March 24, 2020
Interview by Charles C. Camosy of Clare McGrath-Merkle
Camosy: You’ve done a lot of work on the theology of the priesthood. Can you give us the short version of your central view or a couple central ideas that could give Crux readers some insight into how you are thinking about this topic?
McGrath-Merkle: My work has been focused mainly on the theology of the priesthood and its possible role, if any, in the crisis of sexual abuse and cover-up. The causes of the crisis are, of course, varied, but I have wanted to try to understand how this theology might have somehow contributed to a clerical identity prone to the abuse of power.
The understanding I’ve come to is that what we think of as the official theology of the priesthood is actually a 400-year-old revolutionary one, linked to clerical formation spirituality. Its underlying spiritual theology has influenced the training of seminarians up until Vatican II and has had a major resurgence since the 90’s. Interestingly, it hasn’t been of much interest to most systematic theologians.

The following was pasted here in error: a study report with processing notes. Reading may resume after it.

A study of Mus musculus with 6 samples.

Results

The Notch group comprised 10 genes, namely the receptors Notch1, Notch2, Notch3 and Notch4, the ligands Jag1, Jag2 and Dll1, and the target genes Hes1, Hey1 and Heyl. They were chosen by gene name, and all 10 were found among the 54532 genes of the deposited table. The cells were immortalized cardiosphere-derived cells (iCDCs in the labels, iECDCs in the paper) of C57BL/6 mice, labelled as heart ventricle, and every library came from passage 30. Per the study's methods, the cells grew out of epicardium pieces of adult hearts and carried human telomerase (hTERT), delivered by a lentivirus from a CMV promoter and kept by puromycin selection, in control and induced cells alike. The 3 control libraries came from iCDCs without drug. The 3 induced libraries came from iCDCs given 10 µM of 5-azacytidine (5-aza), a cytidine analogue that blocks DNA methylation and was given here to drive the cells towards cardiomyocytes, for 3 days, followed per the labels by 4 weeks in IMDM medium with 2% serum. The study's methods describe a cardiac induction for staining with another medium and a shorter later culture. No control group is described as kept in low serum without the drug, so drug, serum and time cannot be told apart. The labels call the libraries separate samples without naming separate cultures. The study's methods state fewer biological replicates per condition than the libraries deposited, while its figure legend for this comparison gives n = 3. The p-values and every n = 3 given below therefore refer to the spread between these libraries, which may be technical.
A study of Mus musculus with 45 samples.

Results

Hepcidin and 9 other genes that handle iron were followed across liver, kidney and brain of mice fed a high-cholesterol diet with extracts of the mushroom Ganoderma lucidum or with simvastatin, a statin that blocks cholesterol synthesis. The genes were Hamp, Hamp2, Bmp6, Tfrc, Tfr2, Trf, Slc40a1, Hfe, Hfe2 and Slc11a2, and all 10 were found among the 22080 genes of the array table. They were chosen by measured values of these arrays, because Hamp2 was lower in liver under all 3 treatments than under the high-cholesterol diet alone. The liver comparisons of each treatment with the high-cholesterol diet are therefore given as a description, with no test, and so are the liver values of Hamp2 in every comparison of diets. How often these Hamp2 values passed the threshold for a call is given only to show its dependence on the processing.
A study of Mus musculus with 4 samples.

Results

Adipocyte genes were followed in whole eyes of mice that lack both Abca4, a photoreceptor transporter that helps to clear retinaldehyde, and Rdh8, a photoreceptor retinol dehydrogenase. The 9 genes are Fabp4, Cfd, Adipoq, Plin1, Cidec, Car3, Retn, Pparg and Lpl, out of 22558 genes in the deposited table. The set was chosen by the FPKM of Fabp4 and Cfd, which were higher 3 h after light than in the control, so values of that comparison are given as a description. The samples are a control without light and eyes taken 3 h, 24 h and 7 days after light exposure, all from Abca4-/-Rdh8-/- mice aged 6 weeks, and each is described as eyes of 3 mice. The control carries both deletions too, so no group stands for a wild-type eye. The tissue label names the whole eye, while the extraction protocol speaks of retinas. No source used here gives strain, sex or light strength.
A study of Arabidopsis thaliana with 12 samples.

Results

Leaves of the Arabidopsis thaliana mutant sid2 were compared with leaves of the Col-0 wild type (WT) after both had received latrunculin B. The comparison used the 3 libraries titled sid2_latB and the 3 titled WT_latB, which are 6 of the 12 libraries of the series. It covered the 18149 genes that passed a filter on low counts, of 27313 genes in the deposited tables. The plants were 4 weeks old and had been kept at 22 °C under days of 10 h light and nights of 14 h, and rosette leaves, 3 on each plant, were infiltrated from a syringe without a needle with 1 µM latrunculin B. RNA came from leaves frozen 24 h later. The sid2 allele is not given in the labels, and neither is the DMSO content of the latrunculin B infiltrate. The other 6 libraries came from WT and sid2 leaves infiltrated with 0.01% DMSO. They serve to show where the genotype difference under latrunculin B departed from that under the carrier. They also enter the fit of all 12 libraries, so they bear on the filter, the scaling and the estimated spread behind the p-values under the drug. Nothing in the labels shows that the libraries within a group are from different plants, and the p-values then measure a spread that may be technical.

This theology was proposed in the early 17th century by a little-known cardinal-Pierre de Bérulle, the founder of the French School of Spirituality, and is a rather psychologically and spiritually unhealthy one. Leading up to my research on the possible historical roots of the crisis as found in this theology, I explored some current serious psychosocial maladaptions in priestly identity in a 2010 article.
Arguably, Bérulle’s innovations have contributed to an unhealthy priestly identity and culture over centuries, principally through both an over-identification with Christ and an exaggerated sacrificial spirituality.